Russia for example did not participate under its own flag in the Olympic games because of an ongoing doping ban till 2022. So participants entered as representatives of Russian Olympic Committee (ROC) this time and won 20 gold medals out of a total of 71 to rank fifth in the games this time. Kar on his exhibition has displayed a paper currency of Russia from the time of Nicholas II in 1909. “This was the last currency issued by him. After this period, revolutions started and currencies were not in vogue in Russia for a long time,” Kar explained.
Similarly, Taiwan entered the Olympics as Chinese Taipei. After the second world war when Japan lost, China took control over the country and till 1979 it was not allowed to participate in any international event. The exhibition displays a 1949 currency of Taiwan which is a uniface currency meaning that it is printed on one side and the other side is white. Chinese Taipei won 12 medals, of which two are gold medals.
This time Kosovo, a small country of 10,000 square kilometres won two gold medals. Kar has displayed a currency of that country from a time when it had broken from Yugoslavia and had borrowed Macedonian currency, only to print its own name and denomination in black, because it did not have currency printing infrastructure of its own.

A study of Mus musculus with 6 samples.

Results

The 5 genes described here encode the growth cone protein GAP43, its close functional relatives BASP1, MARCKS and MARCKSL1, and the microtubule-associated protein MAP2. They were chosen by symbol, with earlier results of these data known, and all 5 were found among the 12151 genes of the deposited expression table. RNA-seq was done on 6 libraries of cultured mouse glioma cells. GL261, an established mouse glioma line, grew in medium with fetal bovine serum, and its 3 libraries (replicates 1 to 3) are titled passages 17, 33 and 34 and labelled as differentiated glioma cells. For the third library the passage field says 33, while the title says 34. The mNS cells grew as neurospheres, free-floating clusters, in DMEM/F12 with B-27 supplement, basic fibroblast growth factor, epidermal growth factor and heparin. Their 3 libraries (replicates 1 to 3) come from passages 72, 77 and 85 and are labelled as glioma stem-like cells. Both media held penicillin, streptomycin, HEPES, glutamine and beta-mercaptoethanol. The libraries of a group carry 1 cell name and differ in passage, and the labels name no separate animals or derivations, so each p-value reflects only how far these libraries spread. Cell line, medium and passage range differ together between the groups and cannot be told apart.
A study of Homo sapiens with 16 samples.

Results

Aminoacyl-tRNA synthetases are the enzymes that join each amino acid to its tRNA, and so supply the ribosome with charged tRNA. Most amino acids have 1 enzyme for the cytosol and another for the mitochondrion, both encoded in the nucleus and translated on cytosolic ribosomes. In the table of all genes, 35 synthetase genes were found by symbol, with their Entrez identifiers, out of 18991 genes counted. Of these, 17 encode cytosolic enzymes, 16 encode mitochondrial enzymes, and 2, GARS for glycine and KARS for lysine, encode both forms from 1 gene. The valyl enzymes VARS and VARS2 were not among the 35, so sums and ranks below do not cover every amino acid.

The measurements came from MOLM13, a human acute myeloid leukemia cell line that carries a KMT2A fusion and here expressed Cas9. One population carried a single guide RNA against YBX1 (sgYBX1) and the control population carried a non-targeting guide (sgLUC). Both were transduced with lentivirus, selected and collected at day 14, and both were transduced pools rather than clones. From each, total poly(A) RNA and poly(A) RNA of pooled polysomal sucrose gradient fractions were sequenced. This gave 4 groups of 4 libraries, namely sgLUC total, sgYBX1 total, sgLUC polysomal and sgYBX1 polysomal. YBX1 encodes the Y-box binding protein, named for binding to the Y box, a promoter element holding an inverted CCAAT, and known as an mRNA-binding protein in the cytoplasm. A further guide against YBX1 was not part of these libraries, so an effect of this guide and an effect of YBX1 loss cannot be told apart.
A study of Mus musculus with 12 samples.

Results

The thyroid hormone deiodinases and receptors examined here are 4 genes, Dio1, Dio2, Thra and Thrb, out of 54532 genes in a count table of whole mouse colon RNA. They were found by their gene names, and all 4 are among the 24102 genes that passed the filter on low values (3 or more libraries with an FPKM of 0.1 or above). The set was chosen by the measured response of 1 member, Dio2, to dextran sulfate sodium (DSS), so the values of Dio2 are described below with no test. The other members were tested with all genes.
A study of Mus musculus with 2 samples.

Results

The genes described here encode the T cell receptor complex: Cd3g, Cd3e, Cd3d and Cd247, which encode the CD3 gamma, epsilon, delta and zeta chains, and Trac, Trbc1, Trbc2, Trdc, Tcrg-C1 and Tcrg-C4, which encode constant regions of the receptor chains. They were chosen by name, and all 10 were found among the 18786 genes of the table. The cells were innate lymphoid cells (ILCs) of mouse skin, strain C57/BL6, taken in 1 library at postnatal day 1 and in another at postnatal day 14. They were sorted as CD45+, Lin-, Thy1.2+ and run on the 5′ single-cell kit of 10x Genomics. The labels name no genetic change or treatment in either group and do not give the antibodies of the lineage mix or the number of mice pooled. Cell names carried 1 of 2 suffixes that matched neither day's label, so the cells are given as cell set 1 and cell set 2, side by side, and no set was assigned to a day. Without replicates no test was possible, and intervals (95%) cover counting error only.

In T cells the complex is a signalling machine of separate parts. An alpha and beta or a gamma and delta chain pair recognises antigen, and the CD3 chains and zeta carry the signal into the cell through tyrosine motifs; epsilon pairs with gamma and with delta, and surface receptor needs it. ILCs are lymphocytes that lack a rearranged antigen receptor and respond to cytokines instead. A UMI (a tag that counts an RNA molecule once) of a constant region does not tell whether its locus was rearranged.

The exhibition has a rare currency of Puerto Rico from 1895. The country stopped using its own Peso notes since 1911 and now uses only USD. “It’s a small country of just over 9000 kilometres but has won one gold,” Kar explained, holding up the rare currency in his collection. But perhaps San Marino, a country of just 61.2 square kilometres was one of the biggest surprises this year with its three medals. Till the 1860s it had its own Lira but thereafter it started depending on the Italian Lira. “I have shown a Lira from 1976 which almost looks like a bank cheque,” Kar said.
Kar has also exhibited a 1944 Philippines Peso to celebrate their four medals in the Tokyo Olympics.
“The Spanish conquered Philippines and introduced coins in 1521. In 1861 a mint was established to make standardised coins. In 1898 the country won independence and made its first currency replacing the erstwhile Filipino Peso,” Kar explained.